Because of the sexual revolution among heterosexuals, social conservatives may have lost on gay marriage as soon as they started debating it. In the 1990s, as liberal journalist E. J. Graff has written in the Boston Globe, “the religious right barnstormed the nation warning against ‘gay marriage’ — with an odd result. For both straight and gay folks, the phrase was transformed from an oxymoron into a real possibility.”
Again, most people continue to agree with social conservatives that marriage should be reserved for heterosexual couples. But they do not agree with the premises that underlie that conclusion. The traditional moral argument against homosexual sex has been part of a larger critique of non-marital sex — and, classically, of sex that is not oriented toward procreation within marriage. Social conservatives need no instruction on how the links among sex, procreation, and marriage have been weakened among heterosexuals. They know that many people have adopted what might be called a privatized view of marriage, as an institution whose contours are plastic, whose purpose is to provide emotional satisfaction to the persons concerned, and whose terms are negotiable (and revocable). But they have been slow to see some of the political effects of these social changes.
The logic of the argument against homosexuality now implicates the behavior of a lot of heterosexuals. If the argument is made openly, and cast as a case for traditional sexual morals in general, a large part of the public will flinch. If the argument is made so as to single out gays, the logic vanishes. Social conservatives begin to look as though they are motivated not by principle but by the desire to persecute a minority. If no effective public argument can be made, the prohibition on gay marriage must survive based on tradition and unarticulated reasons. These are weak defenses in a rationalistic and sexually liberated era.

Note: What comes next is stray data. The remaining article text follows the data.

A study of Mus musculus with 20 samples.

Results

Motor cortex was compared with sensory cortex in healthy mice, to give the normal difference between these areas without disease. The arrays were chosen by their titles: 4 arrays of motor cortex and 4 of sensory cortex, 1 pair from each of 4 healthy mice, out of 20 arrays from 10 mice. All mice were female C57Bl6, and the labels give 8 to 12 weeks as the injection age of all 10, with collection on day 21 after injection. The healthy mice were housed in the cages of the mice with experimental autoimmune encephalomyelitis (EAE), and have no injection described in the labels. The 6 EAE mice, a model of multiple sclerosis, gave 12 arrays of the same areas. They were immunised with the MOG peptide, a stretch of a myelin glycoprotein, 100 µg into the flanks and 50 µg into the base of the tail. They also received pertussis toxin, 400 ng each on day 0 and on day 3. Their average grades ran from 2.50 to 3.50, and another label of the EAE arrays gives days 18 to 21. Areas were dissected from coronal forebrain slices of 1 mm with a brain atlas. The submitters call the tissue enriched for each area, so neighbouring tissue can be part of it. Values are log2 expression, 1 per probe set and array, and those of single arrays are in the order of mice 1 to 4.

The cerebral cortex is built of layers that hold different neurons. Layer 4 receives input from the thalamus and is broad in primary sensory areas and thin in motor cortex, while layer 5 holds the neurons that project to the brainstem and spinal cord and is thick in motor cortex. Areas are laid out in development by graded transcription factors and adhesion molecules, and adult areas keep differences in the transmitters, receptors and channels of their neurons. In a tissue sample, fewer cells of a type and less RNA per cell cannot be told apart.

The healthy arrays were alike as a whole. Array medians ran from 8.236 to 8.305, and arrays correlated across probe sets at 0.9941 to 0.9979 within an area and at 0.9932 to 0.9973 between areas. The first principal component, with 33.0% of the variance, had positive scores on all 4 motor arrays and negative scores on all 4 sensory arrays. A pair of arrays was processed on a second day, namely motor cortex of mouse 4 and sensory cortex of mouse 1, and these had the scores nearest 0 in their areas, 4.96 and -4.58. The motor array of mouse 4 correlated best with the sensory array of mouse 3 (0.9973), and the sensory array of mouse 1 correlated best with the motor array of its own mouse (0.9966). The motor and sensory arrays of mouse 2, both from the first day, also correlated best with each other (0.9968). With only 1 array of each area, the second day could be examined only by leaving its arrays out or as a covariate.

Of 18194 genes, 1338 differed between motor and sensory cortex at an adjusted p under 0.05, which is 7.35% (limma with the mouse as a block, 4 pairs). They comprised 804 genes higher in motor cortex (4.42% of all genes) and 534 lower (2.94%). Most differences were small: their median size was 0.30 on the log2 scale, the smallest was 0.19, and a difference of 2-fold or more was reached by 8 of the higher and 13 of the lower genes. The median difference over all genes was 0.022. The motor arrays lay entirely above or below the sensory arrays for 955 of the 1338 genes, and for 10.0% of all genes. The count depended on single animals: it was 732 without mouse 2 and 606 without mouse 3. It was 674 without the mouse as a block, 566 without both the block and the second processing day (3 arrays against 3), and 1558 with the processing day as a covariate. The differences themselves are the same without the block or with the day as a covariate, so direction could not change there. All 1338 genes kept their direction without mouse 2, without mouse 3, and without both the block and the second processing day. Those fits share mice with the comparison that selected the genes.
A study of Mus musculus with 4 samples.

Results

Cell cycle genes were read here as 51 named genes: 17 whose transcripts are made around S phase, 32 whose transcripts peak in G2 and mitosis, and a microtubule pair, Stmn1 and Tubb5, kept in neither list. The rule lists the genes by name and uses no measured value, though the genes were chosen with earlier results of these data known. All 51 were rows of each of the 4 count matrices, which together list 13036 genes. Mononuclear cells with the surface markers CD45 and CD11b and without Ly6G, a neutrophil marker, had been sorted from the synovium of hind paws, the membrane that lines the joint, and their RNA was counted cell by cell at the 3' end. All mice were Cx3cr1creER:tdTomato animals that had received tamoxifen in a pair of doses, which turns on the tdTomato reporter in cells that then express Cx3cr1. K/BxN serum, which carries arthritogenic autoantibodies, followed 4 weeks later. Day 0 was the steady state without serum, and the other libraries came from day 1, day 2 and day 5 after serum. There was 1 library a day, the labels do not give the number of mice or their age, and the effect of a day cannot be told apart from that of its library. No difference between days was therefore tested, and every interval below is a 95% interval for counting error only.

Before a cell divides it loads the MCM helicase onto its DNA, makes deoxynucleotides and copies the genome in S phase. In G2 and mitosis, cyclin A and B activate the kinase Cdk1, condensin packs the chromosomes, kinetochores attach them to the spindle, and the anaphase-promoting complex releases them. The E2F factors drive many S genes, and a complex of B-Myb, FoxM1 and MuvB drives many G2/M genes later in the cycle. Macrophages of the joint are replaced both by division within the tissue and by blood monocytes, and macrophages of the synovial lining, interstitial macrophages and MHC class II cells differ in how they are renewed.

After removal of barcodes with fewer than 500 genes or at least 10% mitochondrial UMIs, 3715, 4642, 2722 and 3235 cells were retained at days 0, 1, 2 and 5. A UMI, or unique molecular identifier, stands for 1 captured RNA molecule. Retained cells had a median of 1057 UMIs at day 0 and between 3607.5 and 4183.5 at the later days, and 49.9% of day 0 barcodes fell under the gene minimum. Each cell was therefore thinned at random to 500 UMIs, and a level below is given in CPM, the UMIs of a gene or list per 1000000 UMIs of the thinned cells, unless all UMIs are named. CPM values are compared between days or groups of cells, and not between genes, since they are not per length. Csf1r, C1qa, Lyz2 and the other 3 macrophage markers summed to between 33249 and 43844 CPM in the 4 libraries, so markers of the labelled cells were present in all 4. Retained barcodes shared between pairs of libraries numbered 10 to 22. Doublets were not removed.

By the mid 1990s, social conservatives increasingly relied on the dialectical argument against gay marriage: the claim that acceptance of it logically requires acceptance of polygamy as well. That argument, as far as I can tell, is sound, and it may be effective in the short run. (In the long run it is as likely to increase support for polygamy as it is to decrease support for gay marriage.) But whatever its effectiveness, resorting to the dialectical argument was a sign of political weakness. It meant that gay marriage was not self-evidently objectionable, but had to be condemned because it would lead to other, more objectionable things. It meant that the argument from definition no longer worked.
At the same time that social conservatives were reaching this dead end, the agenda of gay-rights organizations was changing, too. What, after all, have been gays’ great demands in recent years? They have asked for the opportunity to serve in the armed forces, to lead Boy Scout troops, to marry and adopt. Social-conservative rhetoric on homosexuality remained stuck in the 1970s, presenting gays as sexual radicals. Gays were really the last squares.
Homosexual groups also embraced the quintessential conservative idea of a fixed human nature. Indeed, they pushed an exaggerated form of that idea: genetic determinism. Many people who would otherwise be disposed to object to homosexuality came to believe that gays and lesbians were “born that way.” Gay activists had to be ambivalent about this development, given the subtext: Who would choose to be that way? A mildly “homophobic” sentiment was recruited to the side of gay rights.
It has been a powerful ally. Genetic determinism has erased the distinction between being and doing — between, that is, identity and behavior. No space has been left in which to love the sinner and hate the sin; objection is discrimination. Justice Scalia’s recent attempt to maintain the distinction, to say that a ban on gays’ sexual behavior does not discriminate against people on the basis of their (putatively innate) desires, was widely regarded as both hair-splitting and demeaning.